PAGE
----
ASNC: Regadenoson safe in patients with asthma, COPD

Twitter icon
Facebook icon
LinkedIn icon
e-mail icon
Google icon

PHILADELPHIA—The use of the pharmacologic stressor regadenoson (Lexiscan, Astellas Pharma) in patients with asthma and chronic obstructive pulmonary disease (COPD) is safe regarding events of bronchospasm, according to a late-breaking clinical trial of more than 1,000 patients presented at the 2010 annual meeting of the American Society of Nuclear Cardiology (ASNC).

Patients with reactive airways are at risk for adenosine-induced bronchoconstriction via the A2B and/or A3 adenosine receptors, according to Bruce M. Prenner, MD, from Allergy Associates Medical Group in San Diego, who presented the study on behalf of approximately 50 co-investigators.

Unlike other stressor agents, regadenoson has greater selectivity for A2A receptors, which theoretically should reduce common adverse events associated with non-specific A2A receptor stressors such as adenosine and dipyridamole, which are contraindicated in patients with reactive airways who are at risk for bronchospasms.

Prenner and colleagues evaluated regadenoson in multicenter, randomized double-blind, placebo-controlled study at a 2:1 ratio of regadenoson to placebo. Researchers monitored respiratory function parameters for two hours post-injection and adverse events up to one day post-injection.

The study population consisted of 532 patients with asthma (356 regadenoson) and 467 with COPD (316 regadenoson). The mean age of subjects was 52. More females had asthma, while more males had COPD. The distribution in severity among those with asthma and COPD was similar.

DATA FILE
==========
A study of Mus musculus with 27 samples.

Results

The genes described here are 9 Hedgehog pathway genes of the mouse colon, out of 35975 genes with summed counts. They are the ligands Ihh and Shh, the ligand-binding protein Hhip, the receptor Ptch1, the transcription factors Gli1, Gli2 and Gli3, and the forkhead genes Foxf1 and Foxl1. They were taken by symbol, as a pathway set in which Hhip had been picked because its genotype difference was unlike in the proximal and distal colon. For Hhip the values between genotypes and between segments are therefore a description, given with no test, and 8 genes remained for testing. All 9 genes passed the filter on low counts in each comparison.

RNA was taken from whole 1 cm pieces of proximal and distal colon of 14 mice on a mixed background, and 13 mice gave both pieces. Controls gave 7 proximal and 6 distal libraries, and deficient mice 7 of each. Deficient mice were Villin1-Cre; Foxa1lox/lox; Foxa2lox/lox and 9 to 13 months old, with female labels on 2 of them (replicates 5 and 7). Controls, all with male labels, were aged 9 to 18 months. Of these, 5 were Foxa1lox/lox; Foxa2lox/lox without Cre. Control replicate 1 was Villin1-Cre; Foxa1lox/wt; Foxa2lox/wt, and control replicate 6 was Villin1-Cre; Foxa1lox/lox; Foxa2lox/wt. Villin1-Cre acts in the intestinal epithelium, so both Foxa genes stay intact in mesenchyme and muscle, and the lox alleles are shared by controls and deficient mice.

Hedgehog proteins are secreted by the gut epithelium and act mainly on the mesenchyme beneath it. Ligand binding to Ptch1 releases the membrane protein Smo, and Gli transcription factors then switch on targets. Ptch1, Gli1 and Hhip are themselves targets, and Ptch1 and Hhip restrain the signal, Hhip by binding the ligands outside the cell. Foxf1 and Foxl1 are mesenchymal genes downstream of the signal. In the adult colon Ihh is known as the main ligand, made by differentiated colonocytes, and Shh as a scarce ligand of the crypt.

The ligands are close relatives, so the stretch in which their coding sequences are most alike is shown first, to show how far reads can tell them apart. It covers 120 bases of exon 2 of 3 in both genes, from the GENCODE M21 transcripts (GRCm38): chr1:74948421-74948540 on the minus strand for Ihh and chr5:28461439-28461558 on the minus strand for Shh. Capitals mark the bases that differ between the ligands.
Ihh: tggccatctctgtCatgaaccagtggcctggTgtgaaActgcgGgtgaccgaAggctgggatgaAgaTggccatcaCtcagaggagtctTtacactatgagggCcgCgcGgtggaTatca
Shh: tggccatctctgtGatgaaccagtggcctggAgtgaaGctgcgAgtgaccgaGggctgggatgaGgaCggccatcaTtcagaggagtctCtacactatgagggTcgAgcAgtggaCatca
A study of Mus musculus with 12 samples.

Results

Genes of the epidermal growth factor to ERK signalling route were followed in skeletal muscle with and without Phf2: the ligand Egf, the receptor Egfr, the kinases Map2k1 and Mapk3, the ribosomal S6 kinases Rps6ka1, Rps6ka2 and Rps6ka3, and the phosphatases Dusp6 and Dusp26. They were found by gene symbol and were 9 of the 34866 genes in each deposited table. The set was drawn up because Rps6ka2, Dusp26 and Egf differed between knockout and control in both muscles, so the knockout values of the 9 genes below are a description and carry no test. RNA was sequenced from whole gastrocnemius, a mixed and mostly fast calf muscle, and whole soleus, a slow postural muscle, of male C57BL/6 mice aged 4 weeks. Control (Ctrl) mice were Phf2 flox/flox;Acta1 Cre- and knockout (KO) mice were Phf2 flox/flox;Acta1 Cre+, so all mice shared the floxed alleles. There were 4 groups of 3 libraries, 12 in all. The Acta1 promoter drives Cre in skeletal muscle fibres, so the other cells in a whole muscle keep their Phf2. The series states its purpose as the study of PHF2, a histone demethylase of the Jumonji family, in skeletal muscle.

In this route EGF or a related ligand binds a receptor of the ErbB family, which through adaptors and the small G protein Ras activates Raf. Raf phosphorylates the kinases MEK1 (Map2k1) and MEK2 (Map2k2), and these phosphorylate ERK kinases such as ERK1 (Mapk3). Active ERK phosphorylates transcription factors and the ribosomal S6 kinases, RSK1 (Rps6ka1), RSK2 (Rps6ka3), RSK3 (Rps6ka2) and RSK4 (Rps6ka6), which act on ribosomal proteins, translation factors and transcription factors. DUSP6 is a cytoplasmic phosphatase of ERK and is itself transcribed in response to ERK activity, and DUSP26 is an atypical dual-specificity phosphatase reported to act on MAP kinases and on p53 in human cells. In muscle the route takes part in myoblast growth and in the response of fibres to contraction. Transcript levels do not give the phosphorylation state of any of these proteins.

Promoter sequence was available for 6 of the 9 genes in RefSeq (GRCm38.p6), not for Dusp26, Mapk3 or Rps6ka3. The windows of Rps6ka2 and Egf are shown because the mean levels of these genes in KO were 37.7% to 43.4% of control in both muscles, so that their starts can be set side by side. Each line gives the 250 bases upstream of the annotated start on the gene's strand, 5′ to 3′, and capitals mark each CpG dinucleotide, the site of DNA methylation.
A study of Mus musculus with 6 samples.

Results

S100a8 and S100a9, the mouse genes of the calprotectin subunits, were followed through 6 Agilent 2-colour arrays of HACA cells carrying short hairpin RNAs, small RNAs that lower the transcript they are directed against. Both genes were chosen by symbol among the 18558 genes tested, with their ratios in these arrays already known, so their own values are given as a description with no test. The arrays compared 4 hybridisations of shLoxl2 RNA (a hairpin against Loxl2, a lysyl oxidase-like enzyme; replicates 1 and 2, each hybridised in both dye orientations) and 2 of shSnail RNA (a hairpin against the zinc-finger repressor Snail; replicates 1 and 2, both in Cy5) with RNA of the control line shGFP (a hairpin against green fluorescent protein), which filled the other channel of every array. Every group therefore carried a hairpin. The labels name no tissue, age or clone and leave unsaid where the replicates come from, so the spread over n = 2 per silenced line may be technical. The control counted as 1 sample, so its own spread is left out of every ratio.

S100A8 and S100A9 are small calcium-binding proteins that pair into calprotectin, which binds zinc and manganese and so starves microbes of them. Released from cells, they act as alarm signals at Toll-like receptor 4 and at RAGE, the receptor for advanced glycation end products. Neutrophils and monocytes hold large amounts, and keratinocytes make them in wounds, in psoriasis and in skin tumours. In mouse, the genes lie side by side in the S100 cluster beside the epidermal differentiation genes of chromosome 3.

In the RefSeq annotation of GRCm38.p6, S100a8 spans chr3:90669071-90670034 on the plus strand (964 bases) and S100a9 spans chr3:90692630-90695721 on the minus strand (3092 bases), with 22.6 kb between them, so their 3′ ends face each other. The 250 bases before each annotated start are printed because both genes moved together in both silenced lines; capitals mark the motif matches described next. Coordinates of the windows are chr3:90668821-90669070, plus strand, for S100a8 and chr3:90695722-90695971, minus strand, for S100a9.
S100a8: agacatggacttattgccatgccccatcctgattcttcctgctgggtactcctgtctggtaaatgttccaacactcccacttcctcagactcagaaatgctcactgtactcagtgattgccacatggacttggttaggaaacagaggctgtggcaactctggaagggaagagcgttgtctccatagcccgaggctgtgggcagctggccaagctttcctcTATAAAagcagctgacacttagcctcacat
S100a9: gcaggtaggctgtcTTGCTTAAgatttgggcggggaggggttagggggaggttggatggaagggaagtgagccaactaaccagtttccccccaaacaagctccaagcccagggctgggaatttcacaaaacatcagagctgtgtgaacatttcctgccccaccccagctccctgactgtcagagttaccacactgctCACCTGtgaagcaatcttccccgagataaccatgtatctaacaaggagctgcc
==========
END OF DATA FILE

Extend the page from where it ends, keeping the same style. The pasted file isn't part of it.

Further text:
Among patients with asthma, 1.1 percent of those who received the stressor and 2.9 percent of those who received placebo had a greater than 15 percent decrease in forced expiratory volume in one second (FEV1) from baseline to two hours post-injection (primary endpoint). The difference was not significant.

Among patients with COPD, 4.2 percent and 5.4 percent of patients receiving regadenoson and placebo, respectively, exhibited the primary endpoint. The difference was not significant.

Selected respiratory adverse events (secondary endpoint), including wheezing, dyspnea, dyspnea exertional, obstructive airways disorder and tachypnea, were significantly more common with regadenoson in those with asthma (12 vs. 2.3 percent) and COPD (19 vs. 4 percent). The differences were significant in both patient groups.

Prenner said the differences were driven by dyspnea, a side effect of A2A agonists.

The use of short-acting bronchodilators within one day of injection for selected respiratory adverse events was similar in the regadenoson and placebo arms of both patient groups.

Despite the higher rate of adverse events in the regadenoson arms, Prenner said there were no clinically meaningful differences between treatments in pulmonary function tests in either patient group. "The adverse event profile was similar to that observed in previous regadenoson trials in non-asthmatic/COPD patients," he said.

"The important message is that most patients experiencing adverse events did not need treatment and they recovered very quickly," he said.

Of the six serious adverse events (all with regadenoson), three were considered treatment-related (complete atrioventricular block, severe bradycardia and EKG change).

Brenner concluded that there was a small incidence of adverse events associated with regadenoson. Additionally, the overall incidence of respiratory adverse events was statistically significantly higher with regadenoson in both the asthma and COPD groups, but did not result in greater use of short-acting beta agonists during these events.

"This information should be useful in the selection of regadenoson as a pharmacological stress agent in these important patient populations," he said.